Hunter Scarbrough was a unique kid. He was 14 years old and 6’2". But that is not what set him apart. His kindness towards others was unparalleled. He had a fabulous smile that caused the recipient to smile back. He was deeply spiritual even from a young age and shared his faith in his own way through Fellowship of Christian Athletes. He never learned to say “No.” He was always the first person those around him turned to for help, encouragement or support. He never refused. And he didn’t have to be asked before offering help.
The week before Hunter passed away he noticed a fellow student at Madras Middle School whose coat was clearly too tight. Hunter didn’t point him out and laugh. He said, “It looks like your coat is a little too small.” The boy told Hunter it was the only coat he had. Hunter didn’t ask someone else to help. He slipped off his book bag, peeled off his sweatshirt and gave it to the boy. When students returned to school after the Thanksgiving break one of Hunter's friends noticed the boy was wearing Hunter’s sweatshirt and asked how he got it. The boy revealed the act of kindness Hunter had not bothered to share with anyone else. Hunter’s action was a reflection of First Corinthians 13:4 who reminds us that “… love does not envy, it does not boast…”
Daryle L. Smith, who works with middle and high school students through the Fellowship of Christian Athletes was a mentor and friend of Hunter’s. He recalls the time a young girl came to him in tears because her brother was sick. Hunter was there and immediately began to pray with his classmate.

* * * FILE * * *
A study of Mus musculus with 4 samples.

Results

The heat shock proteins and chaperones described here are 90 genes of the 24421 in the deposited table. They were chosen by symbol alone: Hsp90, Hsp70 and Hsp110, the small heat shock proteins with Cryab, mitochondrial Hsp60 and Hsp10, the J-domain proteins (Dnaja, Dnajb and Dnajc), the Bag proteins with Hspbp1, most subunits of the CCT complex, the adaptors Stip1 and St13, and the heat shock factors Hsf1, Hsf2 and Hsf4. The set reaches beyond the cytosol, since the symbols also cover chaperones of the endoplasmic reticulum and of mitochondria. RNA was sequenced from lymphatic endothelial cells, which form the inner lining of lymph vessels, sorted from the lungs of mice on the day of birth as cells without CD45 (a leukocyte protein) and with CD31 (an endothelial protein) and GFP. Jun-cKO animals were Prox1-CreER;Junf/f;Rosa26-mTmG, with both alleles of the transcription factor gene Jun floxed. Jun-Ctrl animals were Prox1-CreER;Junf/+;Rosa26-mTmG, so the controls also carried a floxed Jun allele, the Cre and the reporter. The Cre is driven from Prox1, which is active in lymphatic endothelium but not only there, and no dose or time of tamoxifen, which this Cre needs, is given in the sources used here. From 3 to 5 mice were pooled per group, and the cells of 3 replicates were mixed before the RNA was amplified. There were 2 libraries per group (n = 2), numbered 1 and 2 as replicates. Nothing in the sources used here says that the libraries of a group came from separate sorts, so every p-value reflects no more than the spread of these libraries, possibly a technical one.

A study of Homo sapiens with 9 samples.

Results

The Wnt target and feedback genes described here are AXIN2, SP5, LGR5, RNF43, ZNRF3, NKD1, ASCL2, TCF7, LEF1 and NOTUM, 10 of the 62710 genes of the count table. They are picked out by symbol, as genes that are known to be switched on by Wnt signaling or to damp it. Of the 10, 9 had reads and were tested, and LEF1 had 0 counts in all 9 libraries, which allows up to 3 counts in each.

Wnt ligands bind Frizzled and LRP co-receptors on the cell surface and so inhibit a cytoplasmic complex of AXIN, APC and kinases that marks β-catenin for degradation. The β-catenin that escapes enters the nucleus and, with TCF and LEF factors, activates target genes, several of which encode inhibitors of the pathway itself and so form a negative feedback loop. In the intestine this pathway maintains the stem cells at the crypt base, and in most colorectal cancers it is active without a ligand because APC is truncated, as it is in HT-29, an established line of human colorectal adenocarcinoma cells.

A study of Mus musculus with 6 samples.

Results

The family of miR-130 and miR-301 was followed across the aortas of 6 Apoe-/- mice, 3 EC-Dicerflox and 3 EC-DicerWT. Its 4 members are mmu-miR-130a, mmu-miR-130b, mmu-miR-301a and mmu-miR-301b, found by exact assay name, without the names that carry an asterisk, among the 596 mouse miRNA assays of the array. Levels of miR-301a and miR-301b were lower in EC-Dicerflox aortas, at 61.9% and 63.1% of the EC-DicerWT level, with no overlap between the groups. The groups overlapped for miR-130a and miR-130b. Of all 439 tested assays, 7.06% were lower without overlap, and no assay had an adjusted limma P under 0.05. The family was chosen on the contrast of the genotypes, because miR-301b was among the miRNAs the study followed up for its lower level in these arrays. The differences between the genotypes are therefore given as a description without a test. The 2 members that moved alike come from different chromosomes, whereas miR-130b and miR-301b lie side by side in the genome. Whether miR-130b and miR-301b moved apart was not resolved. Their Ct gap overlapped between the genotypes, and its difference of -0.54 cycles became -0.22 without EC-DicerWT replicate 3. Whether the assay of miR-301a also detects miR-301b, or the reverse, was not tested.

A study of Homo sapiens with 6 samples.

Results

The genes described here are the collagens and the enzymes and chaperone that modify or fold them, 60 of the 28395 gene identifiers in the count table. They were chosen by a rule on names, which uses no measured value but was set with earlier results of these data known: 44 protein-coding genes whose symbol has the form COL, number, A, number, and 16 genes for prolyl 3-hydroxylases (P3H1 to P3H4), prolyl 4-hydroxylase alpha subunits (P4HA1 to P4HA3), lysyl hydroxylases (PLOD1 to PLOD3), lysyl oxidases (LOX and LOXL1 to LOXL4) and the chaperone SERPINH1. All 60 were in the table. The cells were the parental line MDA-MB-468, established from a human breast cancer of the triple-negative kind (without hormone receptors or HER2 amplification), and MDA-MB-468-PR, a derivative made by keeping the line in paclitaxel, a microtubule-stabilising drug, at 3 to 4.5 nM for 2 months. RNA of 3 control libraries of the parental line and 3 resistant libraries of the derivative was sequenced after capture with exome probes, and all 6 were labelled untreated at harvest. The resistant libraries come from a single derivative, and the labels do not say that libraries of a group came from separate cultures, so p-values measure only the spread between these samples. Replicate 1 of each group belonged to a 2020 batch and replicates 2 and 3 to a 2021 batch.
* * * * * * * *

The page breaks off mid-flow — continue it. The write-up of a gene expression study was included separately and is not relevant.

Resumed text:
On another occasion, Daryle passed out NBA notebooks to the student athletes at Madras. A girl asked if he had more, but he didn't. Hunter gave her his notebook. Smith said Hunter’s acts of kindness to his classmates are too numerous to mention, adding that Hunter will always be remembered for “his character, his love for his classmates, but most of all for sharing his faith in God and Jesus Christ.”
Over the summer of 2016 Hunter worked as a counselor to younger kids at Camp High Harbour. His lead counselor, Julianne Domnauer, remembers Hunter as “the kid in the cabin that all the girls swooned over and all the boys bowed down to.” She said Hunter didn't seem to notice. “The best part about it was that Hunter had no idea the kind of effect he was having on other kids in the cabin,“ she said. “He was a natural leader, the kind that received respect without ever once demanding it.”
Julianne remembers Hunter being swamped by a group of younger boys begging “Counselor Hunter” to bob them on the giant float in the lake even though he had spent all his free time the day before doing the same thing. He said, “Sure.”
She recalls young girls coming up to her at dinner and asking where Hunter was so they could invite him to the camp dance.
Julianne Domnauer described Hunter as a “Servant leader, a fierce friend and a warrior for God.” She says, “He inspired me to not only be a better counselor but a better person. I am in awe of the way he lived out his faith and hope to do the same in my life.”
Hunter Scarbrough’s light always shined brightest when he turned it on others. We believe that through the Hunter Scarbrough Foundation, others will be encouraged and inspired to do the same.